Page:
Cat sanctuary gets helping hand from realty office in El Dorado HillsBy: Penne Usher, Telegraph Correspondent
EL DORADO HILLS, CA - Volunteers from the El Dorado Hills office of Prudential California Realty turned out Friday to help out at a local animal sanctuary.
Oct. 26 was set aside by the real estate office for its annual Community Service Day. The office chose to spend the day cleaning up and lending a helping hand at Fat Kitty City in El Dorado Hills.
Realtor Jill Lubarsky said the sanctuary is the perfect place to volunteer.
“We decided to come out here and work. I thought it was a shelter, but this is an amazing sanctuary for these cats,” she said. “They get to live here their entire lives unless they get adopted. I’m so amazed by the (owners) and by what they do. It’s fantastic.”
Cindy and Ed Minghelli founded the non-profit Agee Memorial Wildlife Fund in 1998, dedicated to ending animal suffering, through spaying, neutering, socializing and adopting. They have operated Fat Kitty City on 20 tree-studded acres for the past five years.
“We started by rescuing 73 cats that we were unable to place in animal shelters,” Ed Minghelli said. “We rescued them and built a little city for them on our property.”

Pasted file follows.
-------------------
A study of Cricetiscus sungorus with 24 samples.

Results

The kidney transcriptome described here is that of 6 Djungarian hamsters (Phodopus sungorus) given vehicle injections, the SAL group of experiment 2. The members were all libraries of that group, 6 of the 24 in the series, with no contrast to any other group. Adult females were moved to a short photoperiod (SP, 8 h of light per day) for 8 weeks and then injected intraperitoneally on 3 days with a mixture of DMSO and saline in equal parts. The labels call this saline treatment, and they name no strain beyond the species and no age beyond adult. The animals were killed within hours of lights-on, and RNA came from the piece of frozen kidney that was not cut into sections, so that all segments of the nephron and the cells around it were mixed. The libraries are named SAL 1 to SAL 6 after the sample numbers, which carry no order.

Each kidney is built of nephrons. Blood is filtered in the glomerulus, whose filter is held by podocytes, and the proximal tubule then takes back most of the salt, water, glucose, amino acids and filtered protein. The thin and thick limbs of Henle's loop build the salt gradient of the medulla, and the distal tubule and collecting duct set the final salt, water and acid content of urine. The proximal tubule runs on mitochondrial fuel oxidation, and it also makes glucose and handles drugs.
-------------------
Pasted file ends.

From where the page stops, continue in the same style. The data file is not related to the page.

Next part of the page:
There are currently five little shed-sized “houses” in the city as well as a barn for the less socialized feral feline.
Take note, the feline housing development is not a shelter. It is a sanctuary where neglected, abused and unwanted cats receive food, shelter and plenty of love.
Running such a large operation is a full-time job for Minghelli. The sanctuary relies 100 percent on donations and volunteers.
“Having these volunteers out today is a good deal,” he said. “We don’t have the money to pay for workers and there is a lot to be done around here.”
Lauren Lovell, a realtor with Prudential, along with her partner Don Hunter, has been donating a percentage of each home sale they make to Fat Kitty City.
“More people need to do this. It is a good organization and every penny (the Minghellis) have goes to this project,” Lovell said.
Minghelli said the sanctuary is always in need of donations. For more information about the sanctuary and to donate, visit www.fatkittycity.org.